April 3, 2013
Haymaking has been an integral part of the farming process for ages and fortunately the process has become easier with modern hay equipment. The power of hay equipment, combined with an intuitive and skilled farmer, provides the greatest likelihood of having a successful haymaking season.
In this post, we’ll highlight 11 John Deere videos from the series “Haymaking 101.” These videos will take you through the haymaking process from start to finish and the John Deere equipment that makes it possible. If you’re an experienced haymaker or completely new to the task, these videos are sure to provide insightful information for having a successful hay season.
1. Haymaking 101: #1
There is not a one-type fits all hay crop. Research which crop will be the easiest for your animals to digest and provide them with the most nutrients.
2. Haymaking 101: #2
Your soil may need additional nutrients to be able to support your hay growth; the condition of the soil will determine your hay yields and weed presence.
3. Haymaking 101: #3
Determine when your field should be seeded and how to care for those seeds once they’re in the ground. John Deere recommends planting certified, clean, and weed-free seeds that will produce nutritious hay.
4. Haymaking 101: #4
There are several harvesting machines that are designed for specific terrain, hay, and farmer needs. Choose the machine that will cut your crop to produce the highest quality hay and that leaves your field healthy for the next planting season.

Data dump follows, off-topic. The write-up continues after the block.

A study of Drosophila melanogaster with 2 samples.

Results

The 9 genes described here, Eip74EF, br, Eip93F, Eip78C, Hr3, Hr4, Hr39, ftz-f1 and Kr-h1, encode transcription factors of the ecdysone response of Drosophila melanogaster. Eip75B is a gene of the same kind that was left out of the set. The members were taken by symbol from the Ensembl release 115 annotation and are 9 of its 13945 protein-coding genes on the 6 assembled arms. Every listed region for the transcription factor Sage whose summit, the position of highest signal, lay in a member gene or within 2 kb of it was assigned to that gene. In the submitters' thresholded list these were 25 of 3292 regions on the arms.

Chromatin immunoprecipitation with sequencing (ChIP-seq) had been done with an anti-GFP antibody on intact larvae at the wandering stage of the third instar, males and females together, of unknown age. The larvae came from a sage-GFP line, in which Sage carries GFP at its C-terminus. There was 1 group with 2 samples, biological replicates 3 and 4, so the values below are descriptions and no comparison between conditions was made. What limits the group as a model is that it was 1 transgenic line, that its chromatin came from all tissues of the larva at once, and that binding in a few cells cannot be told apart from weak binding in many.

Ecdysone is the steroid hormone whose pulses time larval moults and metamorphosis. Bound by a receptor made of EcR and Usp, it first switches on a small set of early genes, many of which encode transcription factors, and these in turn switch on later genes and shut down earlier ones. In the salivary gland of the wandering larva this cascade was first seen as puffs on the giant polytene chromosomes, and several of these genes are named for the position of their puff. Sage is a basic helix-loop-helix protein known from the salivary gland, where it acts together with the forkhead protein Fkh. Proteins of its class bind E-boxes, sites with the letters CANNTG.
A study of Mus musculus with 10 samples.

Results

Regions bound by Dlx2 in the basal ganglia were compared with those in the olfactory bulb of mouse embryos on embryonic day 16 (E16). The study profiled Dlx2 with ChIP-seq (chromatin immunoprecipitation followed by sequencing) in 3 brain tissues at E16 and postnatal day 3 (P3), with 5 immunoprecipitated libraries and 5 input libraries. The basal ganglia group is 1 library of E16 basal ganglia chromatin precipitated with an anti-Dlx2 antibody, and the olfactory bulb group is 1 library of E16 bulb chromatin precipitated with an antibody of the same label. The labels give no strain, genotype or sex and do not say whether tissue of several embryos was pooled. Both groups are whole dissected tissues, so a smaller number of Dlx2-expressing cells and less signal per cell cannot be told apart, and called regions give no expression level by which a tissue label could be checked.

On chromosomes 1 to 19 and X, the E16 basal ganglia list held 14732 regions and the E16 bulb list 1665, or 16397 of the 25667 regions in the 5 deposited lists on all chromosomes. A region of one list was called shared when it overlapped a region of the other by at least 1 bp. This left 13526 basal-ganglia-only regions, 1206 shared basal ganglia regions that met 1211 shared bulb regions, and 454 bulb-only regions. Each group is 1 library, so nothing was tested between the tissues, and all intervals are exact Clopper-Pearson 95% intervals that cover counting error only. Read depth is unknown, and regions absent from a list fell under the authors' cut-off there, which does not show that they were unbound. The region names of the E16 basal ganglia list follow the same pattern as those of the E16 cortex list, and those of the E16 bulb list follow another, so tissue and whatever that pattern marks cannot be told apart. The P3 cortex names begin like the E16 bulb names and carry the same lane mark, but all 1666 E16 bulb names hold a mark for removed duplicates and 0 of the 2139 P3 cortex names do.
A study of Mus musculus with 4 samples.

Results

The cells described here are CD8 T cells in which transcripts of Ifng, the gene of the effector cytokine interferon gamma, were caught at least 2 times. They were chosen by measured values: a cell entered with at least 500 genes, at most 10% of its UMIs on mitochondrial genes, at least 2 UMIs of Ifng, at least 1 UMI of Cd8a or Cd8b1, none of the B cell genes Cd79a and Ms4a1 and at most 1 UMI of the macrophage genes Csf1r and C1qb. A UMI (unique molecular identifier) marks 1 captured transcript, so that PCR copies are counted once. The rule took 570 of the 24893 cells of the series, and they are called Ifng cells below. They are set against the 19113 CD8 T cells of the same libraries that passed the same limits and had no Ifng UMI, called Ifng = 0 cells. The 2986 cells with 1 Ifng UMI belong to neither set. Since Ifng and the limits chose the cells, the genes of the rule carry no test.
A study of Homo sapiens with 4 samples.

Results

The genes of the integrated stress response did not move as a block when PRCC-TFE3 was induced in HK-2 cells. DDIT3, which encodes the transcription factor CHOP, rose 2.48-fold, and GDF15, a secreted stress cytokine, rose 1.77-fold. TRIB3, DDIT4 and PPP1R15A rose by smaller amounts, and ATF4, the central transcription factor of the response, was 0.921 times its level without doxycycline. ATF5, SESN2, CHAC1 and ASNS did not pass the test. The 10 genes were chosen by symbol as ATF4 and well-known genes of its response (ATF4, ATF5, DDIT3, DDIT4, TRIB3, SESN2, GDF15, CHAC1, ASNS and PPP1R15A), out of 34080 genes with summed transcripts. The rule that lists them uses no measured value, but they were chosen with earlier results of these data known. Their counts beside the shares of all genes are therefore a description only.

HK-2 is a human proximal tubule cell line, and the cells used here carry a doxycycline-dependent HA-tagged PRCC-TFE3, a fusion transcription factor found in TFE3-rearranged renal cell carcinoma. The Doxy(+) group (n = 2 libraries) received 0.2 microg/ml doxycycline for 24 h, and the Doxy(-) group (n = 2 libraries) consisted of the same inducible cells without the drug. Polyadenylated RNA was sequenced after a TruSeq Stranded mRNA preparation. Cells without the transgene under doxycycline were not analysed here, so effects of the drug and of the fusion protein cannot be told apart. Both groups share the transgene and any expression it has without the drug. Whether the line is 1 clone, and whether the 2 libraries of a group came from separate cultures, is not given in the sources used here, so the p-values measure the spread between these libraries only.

5. Haymaking 101: #5
Timing is everything in haymaking; every crop has its own signature sign for showing that it’s at the right time for harvesting. Farmers should also be checking the forecast to ensure enough dry weather to mow, rake, and bale your crop.
6. Haymaking 101: #6
Hay conditioner can be used to speed up the drying process so that you can bale sooner and move it off the field to an area protected from weather. There are several variables in how a hay crop dries; in order to determine the right conditioner for your crop, John Deere recommends referencing a chart in the haymaking handbook.
7. Haymaking 101: #7
Tools like a hay rake can help you scatter hay in the field so that every piece dries sufficiently. Once the hay crop has been raked into a windrow, it will be ready to bale once the moisture level is approximately 20%, which ensures top quality, nutrient-packed hay.
8. Haymaking 101: #8
Determine what types of bales you will need: square or round. Round bales require a tractor that will make a tight bale with a solid core, and round balers have closely spaced teeth that will prevent leaf loss and preserve hay nutrients. Square balers are typically offset or directly behind the tractor.
9. Haymaking 101: #9
Round bales are too large to be stored indoors and, in order to keep them protected from the weather outside, you will need a tight bale wrap. Square bales are best stored in a well-ventilated barn or shed where rain can’t reach them.
10. Haymaking 101: #10
Making hay as safely as possible will require you to compare the weight of the hay implement to the weight of your tractor; the tractor and implement should weigh the same. Check the load capacity before you overload a tractor and get into a troublesome situation.
11. Haymaking 101: #11
Properly working equipment is essential when making hay. Ask your dealer how quickly service and maintenance can be done on your machine. Dealers are consistently trained in the newest haymaking techniques and information to ensure they can match equipment to your needs.
This haymaking season, be sure to brush up on your knowledge by researching the newest machines and baling practices. To view more instructional videos about John Deere hay equipment and haymaking best practices, visit the John Deere YouTube channel.